There’s news in the flood of lawsuits accusing Monsanto’s extremely popular weed killer, Roundup, of causing cancer.
So far, three lawsuits have been brought against Monsanto (and its newish parent company, Bayer) alleging that Roundup, the company’s brand name for the glyphosate herbicide, causes cancer. The first ended with an $80 million verdict in favor of the plaintiff; the second with $289 million, though that was later reduced to $78 million.
The newest one, brought by a California couple who both developed non-Hodgkin’s lymphoma, is in a different league. A jury in Oakland, California ruled that Monsanto owes the couple $2 billion.
Whether Roundup, or many other items, causes cancer is a difficult thing to test; the company has long engaged in efforts to discredit research linking Roundup to cancer, and has recruited scientists to promote the safety of the product, as seen in emails which came to light in a previous trial as well as other reports. The EPA recently affirmed its prior statement that Roundup is not a public health risk.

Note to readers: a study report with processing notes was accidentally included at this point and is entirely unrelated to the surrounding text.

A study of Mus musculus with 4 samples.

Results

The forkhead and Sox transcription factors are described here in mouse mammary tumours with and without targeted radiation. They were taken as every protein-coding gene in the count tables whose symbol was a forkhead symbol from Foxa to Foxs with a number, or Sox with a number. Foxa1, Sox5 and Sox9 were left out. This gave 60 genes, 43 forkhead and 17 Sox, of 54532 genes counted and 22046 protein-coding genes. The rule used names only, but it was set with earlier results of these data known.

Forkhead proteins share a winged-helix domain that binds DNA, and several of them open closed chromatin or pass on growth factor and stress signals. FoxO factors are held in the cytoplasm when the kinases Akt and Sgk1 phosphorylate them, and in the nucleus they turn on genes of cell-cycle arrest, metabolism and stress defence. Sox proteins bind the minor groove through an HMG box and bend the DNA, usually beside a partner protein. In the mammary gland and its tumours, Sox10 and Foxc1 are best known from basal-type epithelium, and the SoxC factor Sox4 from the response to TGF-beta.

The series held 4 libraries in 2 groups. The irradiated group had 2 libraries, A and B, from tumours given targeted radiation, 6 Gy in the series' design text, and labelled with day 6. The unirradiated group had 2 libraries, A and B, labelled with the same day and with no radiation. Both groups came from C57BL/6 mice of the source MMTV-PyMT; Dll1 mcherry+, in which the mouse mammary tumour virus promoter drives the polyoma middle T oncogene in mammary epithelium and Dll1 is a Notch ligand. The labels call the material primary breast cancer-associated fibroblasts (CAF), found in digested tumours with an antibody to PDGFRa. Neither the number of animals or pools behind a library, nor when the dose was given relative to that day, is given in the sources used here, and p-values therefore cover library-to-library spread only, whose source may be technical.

Monsanto and Bayer have appealed each of the previous two verdicts, and, in a statement, say they will appeal this one as well, writing that they are “disappointed” with the verdict. The statement also says that the plaintiffs had “long histories of illnesses known to be substantial risk factors for non-Hodgkin’s lymphoma” and maintains the company’s stance that scientific research has not conclusively shown Roundup to be a cancer-causing agent.
The lawsuit, though, also argued that Monsanto has not adequately tried to discover whether Roundup is indeed carcinogenic, and that the company has not properly warned of the potential risk.
In response, Bayer’s shares dropped to their lowest point in nearly seven years. Most legal sources believe that $2 billion mark will be reduced.